NIU celebrates 111 years of homecoming, remembers the past

DeKALB – Bob Heimerdinger remembers his four years from 1948 to 1952 as a student at Northern Illinois University fondly, including making countless friends and falling in love with his wife of 66 years, Barb.

When reminiscing about the past, he jokes that a lot of his NIU memories involve football: he played halfback and quarterback on the football team, his wife Barb was a cheerleader, his first date with Barb was to a high school football game and he was named 1951 homecoming king.

After graduation, Heimerdinger taught at NIU for nearly 40 years before retiring. Through the years, he also was the football coach at DeKalb High School, coach of freshman football at NIU and the Huskies’ equipment manager.

Heimerdinger, 90, and his wife Barb, 87, live in DeKalb and have returned to NIU for homecoming every year.

“Of course I remember homecoming, the football game, dance and parade,” Heimerdinger said. “Everyone was involved, and the parade looped through the entire downtown. I spent four very pleasant years at NIU and it was a very comfortable place to be. We return every year for homecoming because we have memories of NIU that will never disappear.”

Mike Korcek, who attended NIU from 1966 to 1970, remembers going to the homecoming football game and heading to Pizza Villa after for pizza and beers with friends.

“It was tradition, and there was a huge social aspect of homecoming,” Korcek said. “Homecoming was – and still is – a big deal in DeKalb. We had concerts, bonfires, a dance and a parade. NIU was one of the first schools that had homecoming, and we should be proud. Celebrating the 111th homecoming is tremendous in a world where things change every day and many people don’t care about tradition.”

Korcek, who had a 22-year tenure at NIU as the sports information director and 37 years as a sports information office employee, gave a presentation Wednesday night about the history of homecoming at NIU, “Who Really Did Invent Homecoming?”

The Regional History Center is featuring an exhibit that runs through the month of October titled “Homecoming: 111 Years Strong.” The exhibit is in the foyer of Founders Memorial Library and extends to the Regional History Center, Room 400. The exhibit is free and open to the public during library hours.

The exhibit showcases items from the University Archives related to NIU’s homecoming through the years, including photographs, pennants, banners, posters, yearbooks, pompoms and the 2015 homecoming queen’s tiara.

“We wanted to highlight our collection and show how NIU celebrated homecoming in the past,” Sarah Cain, curator at the Regional History Center, said. “It’s a perfect way for us to get involved in the fun of homecoming while bringing attention to the various items we have in our collection.”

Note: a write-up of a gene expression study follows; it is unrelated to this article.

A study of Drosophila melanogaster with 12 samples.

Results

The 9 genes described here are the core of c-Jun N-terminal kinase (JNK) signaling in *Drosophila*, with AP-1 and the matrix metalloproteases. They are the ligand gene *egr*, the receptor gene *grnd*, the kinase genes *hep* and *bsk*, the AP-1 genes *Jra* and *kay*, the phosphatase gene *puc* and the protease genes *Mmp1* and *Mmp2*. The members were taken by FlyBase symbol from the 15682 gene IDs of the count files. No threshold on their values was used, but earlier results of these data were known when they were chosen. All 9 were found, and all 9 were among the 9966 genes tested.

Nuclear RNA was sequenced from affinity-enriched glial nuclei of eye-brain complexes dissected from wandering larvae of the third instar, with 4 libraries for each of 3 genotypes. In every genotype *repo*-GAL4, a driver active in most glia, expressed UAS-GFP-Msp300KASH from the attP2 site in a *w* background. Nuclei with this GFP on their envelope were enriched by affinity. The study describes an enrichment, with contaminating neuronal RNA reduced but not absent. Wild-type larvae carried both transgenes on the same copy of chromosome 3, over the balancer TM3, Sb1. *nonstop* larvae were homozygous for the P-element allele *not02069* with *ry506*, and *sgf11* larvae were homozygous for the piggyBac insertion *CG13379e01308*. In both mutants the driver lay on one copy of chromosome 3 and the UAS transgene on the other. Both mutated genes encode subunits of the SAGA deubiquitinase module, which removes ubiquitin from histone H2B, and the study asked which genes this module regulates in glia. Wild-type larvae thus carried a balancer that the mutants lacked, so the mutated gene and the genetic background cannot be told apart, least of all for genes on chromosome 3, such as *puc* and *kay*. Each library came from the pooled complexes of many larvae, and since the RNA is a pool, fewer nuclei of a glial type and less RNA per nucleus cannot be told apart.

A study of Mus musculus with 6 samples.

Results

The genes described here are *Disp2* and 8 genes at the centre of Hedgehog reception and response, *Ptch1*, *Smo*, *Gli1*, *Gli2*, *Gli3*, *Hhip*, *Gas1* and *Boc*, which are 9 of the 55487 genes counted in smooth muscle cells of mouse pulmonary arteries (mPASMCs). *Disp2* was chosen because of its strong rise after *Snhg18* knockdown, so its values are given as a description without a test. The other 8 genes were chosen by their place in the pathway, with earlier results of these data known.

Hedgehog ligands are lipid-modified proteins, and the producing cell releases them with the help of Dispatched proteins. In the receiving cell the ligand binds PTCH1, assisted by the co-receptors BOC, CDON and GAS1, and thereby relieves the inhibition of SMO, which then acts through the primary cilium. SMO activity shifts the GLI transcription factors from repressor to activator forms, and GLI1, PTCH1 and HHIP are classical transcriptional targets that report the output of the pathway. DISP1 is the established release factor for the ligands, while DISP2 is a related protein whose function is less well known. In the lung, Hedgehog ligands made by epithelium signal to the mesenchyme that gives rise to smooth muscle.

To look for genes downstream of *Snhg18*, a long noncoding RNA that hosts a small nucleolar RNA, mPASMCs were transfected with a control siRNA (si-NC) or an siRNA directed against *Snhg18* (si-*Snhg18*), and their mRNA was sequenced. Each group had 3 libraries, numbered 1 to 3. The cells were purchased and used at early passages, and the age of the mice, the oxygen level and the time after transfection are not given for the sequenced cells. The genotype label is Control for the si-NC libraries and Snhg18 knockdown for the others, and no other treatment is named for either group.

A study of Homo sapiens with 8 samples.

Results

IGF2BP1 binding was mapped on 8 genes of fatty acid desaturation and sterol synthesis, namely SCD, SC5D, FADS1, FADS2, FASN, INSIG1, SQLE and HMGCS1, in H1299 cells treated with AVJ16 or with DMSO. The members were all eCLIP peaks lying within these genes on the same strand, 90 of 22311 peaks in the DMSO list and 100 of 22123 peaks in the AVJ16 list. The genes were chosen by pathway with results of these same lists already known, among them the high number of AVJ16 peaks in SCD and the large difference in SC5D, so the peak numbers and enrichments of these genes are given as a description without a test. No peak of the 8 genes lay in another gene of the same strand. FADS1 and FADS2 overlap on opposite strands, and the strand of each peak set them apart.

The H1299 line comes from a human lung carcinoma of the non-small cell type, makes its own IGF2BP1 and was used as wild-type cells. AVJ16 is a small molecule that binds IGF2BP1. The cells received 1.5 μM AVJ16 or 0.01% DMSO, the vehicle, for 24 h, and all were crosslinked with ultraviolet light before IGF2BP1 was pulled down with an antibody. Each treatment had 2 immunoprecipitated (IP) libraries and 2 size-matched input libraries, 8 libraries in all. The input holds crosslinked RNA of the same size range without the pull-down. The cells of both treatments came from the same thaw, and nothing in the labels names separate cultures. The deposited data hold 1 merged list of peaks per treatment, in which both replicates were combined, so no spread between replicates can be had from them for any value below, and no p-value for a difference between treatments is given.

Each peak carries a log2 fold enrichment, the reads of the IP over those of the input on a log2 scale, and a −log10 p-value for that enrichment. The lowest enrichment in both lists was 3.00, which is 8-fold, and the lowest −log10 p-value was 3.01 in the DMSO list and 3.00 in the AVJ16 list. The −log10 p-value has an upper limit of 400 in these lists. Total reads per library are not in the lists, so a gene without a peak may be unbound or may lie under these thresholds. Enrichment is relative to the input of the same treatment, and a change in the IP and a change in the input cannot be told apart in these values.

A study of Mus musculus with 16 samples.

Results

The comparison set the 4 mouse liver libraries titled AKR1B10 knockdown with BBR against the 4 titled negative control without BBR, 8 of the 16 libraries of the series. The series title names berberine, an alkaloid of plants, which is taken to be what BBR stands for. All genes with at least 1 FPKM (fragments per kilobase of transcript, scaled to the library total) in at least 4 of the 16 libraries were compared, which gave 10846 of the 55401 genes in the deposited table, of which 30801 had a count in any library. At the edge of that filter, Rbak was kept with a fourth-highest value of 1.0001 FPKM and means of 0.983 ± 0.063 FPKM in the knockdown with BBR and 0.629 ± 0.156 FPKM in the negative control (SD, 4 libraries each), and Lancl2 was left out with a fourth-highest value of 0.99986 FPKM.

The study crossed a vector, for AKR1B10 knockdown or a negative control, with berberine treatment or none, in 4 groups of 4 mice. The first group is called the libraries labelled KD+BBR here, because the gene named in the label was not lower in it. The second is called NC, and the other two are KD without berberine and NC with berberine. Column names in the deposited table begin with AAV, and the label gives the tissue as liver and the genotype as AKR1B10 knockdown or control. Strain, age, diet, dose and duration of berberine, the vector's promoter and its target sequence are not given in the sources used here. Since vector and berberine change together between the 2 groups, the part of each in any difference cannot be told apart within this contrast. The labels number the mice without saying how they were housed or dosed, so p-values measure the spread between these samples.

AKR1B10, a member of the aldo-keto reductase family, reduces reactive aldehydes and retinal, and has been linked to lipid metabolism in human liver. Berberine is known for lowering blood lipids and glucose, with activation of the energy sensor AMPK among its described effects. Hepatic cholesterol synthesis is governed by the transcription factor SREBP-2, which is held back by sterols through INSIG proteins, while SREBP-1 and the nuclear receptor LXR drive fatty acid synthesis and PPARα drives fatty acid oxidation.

During his presentation, which features photos from the university archives, Korcek hopes to tell the audience little-known facts about NIU, including the history of the school’s mascot, colors and name.

The mascot has only been the Huskie since 1940. Previous mascots over the years include “the Profs,” “the Cubs” and “the Cardinals.” The school’s original official colors were declared yellow and white in 1899 and were changed to red and black in 1906. The university also had four name changes through the years: it was known as Northern Illinois State Normal School from 1899 to 1920, Northern Illinois State Teachers College from 1921 to 1954, Northern Illinois State College from 1955 to 1956 and Northern Illinois University since 1957.

The first NIU “homecoming” game took place Oct. 10, 1903. The student newspaper described the “eventful game” between the NISNS football team and alumni as “the day on which the ‘Grave Alumni’ would test the strength of the ‘Cubs’ and determine whether or not they were worthy of defending the ‘Yellow and White.’ ” The Cubs won the game, 6 to 0.

The first time the term “home-coming” was used to describe the alumni returning for a weekend on campus was 1906. The festivities included attending a faculty reception, football game and a business meeting.

This year’s homecoming theme is “Destination Huskie Nation: 111 Years Strong.” Scheduled events during the week include a powder puff football game, recycled boat race, Yell Like Hell, a blood drive, lip-sync competition, coronation cookout and Huskie Nation Lituation Concert.

Homecoming tailgating will begin at 11:30 a.m. Saturday in The Yard and the homecoming football game against Kent State will begin at 2:30 p.m. in Huskie Stadium. The eighth annual NPHC Rep Yo’ Step will be held 7 to 11 p.m. Saturday at the Campus Recreation Center, with the NPHC Step Show Afterparty dance from 11 p.m. to 3 a.m. afterward.

Just as the first years of NIU’s homecoming focused on fun for students and reconnecting alumni, Reggie Bustinza, executive director of NIU’s Alumni Association said this year’s homecoming is still very much the same.

“Students are students for only a few years, but alumni are alumni for the rest of their lives,” Bustinza said. “It’s important that Northern should always be a home for our 240,000 living alumni. Homecoming is one of our traditions, with activities for alumni and students centered around a football game.

“It’s truly a welcome home that everyone enjoys.”